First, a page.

The U.N. climate change summit this week provides the perfect opportunity to press for action on the issue. The aforementioned groups are proposing that leaders make it more expensive for businesses and ordinary people to pollute.
The corporate world has now sided with the policymakers, economists and environmentalists, who have long maintained that humankind cannot hope to slow down climate change until money, raised from charges on the everyday activities that contribute to global warming, is used to counteract it.
Of course, business leaders concerns are not entirely altruistic. They worry that the long-term value of their investments is threatened. The group represents trillions of dollars in revenue and retirement savings, and they want leaders to provide an incentive to cut pollution.
Can an agreement be reached?
At the U.N. summit on Tuesday, 120 world leaders will attempt to drum up the political will required for the successful drawing up of a new climate treaty in Paris next year. U.N. Secretary General Ban Ki-moon called the summit in an effort to nudge leaders into preventing the Earth’s temperature from rising more than 2 degrees Fahrenheit (1.1 degrees celsius), an aim that was set in 2009.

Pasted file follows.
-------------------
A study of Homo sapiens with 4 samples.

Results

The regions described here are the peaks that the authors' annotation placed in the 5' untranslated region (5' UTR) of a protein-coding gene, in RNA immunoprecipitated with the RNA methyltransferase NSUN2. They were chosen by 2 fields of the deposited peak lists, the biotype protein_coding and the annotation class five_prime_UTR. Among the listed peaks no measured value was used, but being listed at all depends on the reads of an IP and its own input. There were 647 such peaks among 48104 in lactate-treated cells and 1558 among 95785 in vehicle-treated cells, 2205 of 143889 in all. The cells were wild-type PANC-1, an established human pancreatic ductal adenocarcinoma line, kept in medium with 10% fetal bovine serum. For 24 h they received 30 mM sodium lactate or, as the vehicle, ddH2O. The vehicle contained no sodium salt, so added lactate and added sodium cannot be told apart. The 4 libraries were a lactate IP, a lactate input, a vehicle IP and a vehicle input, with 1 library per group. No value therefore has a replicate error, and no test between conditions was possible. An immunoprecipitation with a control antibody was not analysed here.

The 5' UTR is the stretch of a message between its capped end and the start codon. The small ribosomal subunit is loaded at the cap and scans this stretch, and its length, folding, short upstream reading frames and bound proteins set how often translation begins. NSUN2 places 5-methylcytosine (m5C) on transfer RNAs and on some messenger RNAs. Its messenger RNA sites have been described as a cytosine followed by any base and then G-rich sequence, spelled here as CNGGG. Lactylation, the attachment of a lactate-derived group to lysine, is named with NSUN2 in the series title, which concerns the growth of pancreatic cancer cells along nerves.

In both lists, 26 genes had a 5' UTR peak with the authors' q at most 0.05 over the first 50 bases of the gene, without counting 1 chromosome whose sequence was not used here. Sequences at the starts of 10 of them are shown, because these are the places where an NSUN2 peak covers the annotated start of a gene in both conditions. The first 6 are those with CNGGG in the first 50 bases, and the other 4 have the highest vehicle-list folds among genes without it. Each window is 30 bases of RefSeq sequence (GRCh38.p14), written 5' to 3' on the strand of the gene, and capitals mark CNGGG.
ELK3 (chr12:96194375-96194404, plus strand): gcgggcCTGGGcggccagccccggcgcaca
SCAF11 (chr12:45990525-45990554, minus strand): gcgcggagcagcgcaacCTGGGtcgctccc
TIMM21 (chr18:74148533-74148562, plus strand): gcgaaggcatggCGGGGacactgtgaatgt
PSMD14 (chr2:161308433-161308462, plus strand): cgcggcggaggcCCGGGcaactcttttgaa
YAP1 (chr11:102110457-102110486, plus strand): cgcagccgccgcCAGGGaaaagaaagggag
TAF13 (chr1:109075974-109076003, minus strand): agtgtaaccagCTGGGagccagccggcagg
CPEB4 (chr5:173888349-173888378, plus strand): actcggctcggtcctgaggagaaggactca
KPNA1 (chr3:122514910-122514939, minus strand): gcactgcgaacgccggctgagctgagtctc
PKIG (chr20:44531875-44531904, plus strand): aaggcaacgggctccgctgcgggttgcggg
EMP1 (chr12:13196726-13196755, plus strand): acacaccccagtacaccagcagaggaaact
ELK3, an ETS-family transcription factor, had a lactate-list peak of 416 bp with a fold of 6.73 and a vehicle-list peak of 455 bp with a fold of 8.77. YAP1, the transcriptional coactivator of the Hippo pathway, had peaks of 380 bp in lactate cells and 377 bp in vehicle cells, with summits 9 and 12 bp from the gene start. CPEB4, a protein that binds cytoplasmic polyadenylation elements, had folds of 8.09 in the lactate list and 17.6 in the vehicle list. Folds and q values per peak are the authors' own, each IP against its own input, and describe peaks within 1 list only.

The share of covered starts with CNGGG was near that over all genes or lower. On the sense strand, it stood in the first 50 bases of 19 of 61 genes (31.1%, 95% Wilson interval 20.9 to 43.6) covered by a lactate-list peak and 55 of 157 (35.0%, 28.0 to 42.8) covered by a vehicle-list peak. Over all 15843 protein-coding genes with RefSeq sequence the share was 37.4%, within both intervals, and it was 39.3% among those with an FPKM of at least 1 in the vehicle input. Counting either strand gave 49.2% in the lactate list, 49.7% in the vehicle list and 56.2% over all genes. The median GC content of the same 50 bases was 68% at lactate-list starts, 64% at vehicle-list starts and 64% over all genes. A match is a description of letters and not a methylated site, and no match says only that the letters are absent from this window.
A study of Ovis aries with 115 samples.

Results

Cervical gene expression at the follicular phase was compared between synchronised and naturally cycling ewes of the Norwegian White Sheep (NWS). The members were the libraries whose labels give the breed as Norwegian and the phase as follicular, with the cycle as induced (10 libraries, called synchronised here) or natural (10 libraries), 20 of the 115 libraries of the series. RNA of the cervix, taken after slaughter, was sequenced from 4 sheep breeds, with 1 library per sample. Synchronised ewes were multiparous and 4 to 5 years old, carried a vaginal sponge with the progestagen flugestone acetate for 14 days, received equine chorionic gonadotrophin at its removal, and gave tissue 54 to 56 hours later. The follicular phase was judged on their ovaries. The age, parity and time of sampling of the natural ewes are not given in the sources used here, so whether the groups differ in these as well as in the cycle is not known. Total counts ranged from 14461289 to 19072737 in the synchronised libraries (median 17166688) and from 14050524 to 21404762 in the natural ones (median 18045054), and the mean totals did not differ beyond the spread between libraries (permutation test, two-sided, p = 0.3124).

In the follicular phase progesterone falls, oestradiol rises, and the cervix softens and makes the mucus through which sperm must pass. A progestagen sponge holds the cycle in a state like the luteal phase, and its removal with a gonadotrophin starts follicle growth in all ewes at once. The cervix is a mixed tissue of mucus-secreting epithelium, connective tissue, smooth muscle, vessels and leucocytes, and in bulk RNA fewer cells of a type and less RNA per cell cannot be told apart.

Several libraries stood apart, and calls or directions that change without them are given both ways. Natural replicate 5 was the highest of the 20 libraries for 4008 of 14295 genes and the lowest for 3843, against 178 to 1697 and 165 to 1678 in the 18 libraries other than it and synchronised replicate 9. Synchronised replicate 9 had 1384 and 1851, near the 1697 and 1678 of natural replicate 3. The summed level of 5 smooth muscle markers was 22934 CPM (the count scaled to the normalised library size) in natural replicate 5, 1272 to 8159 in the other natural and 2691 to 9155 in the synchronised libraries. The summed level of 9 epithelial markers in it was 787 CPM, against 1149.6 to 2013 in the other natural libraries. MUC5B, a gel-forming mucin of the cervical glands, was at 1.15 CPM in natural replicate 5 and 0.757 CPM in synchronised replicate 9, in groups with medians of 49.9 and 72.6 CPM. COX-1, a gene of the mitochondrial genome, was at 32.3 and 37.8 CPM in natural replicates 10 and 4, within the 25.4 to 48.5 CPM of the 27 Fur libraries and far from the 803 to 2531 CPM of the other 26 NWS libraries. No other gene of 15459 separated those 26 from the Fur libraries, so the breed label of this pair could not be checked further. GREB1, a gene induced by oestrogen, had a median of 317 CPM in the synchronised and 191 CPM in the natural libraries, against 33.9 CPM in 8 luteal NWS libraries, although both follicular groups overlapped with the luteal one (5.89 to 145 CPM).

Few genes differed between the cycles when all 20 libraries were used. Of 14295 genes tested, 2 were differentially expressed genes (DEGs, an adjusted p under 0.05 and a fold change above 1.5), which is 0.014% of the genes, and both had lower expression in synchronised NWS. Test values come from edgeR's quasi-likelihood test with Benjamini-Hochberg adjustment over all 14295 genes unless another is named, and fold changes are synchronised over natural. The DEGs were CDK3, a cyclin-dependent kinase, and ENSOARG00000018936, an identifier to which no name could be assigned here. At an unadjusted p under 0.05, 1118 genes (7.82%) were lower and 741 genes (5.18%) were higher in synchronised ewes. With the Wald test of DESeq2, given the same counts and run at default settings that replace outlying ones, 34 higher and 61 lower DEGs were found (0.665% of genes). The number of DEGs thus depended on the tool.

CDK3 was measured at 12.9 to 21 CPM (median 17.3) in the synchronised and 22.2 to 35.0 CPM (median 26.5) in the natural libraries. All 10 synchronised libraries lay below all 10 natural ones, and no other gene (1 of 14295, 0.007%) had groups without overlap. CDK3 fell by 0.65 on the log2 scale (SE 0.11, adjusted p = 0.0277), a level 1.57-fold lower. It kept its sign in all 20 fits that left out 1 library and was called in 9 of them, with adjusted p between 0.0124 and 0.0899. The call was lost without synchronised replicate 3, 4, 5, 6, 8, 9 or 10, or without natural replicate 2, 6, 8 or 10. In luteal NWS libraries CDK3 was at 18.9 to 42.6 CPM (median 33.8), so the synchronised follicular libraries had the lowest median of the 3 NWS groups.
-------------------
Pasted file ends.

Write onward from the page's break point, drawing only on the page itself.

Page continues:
“There’s a market failure that needs to be fixed,” said Anne Simpson, senior portfolio manager and director of global governance at the $300 billion California Public Employees’ Retirement System, the largest public pension fund in the U.S. Despite her, and other business leaders, enthusiasm for new measures, it has so far been impossible to put a price on pollution.
Climate change: Potential measures
One idea that has been discussed at length is a tax on carbon emissions, or a carbon cap.
CalPERS, Allianz SE (ETR:ALV) (OTCMKTS:AZSEY), BlackRock, Inc. (NYSE:BLK) and the AXA Group last week called for a “meaningful” price for carbon emissions. According to a World Bank statement on Monday, 73 countries and over 1,000 companies would like to see a price put on carbon emissions.
It is thought that polluters could be nudged into changing their ways if a financial incentive to do so was provided, namely charging for carbon emissions. Another positive effect would be the diminishing returns on investments in fossil fuels, and the greater attractiveness of clean energy stocks.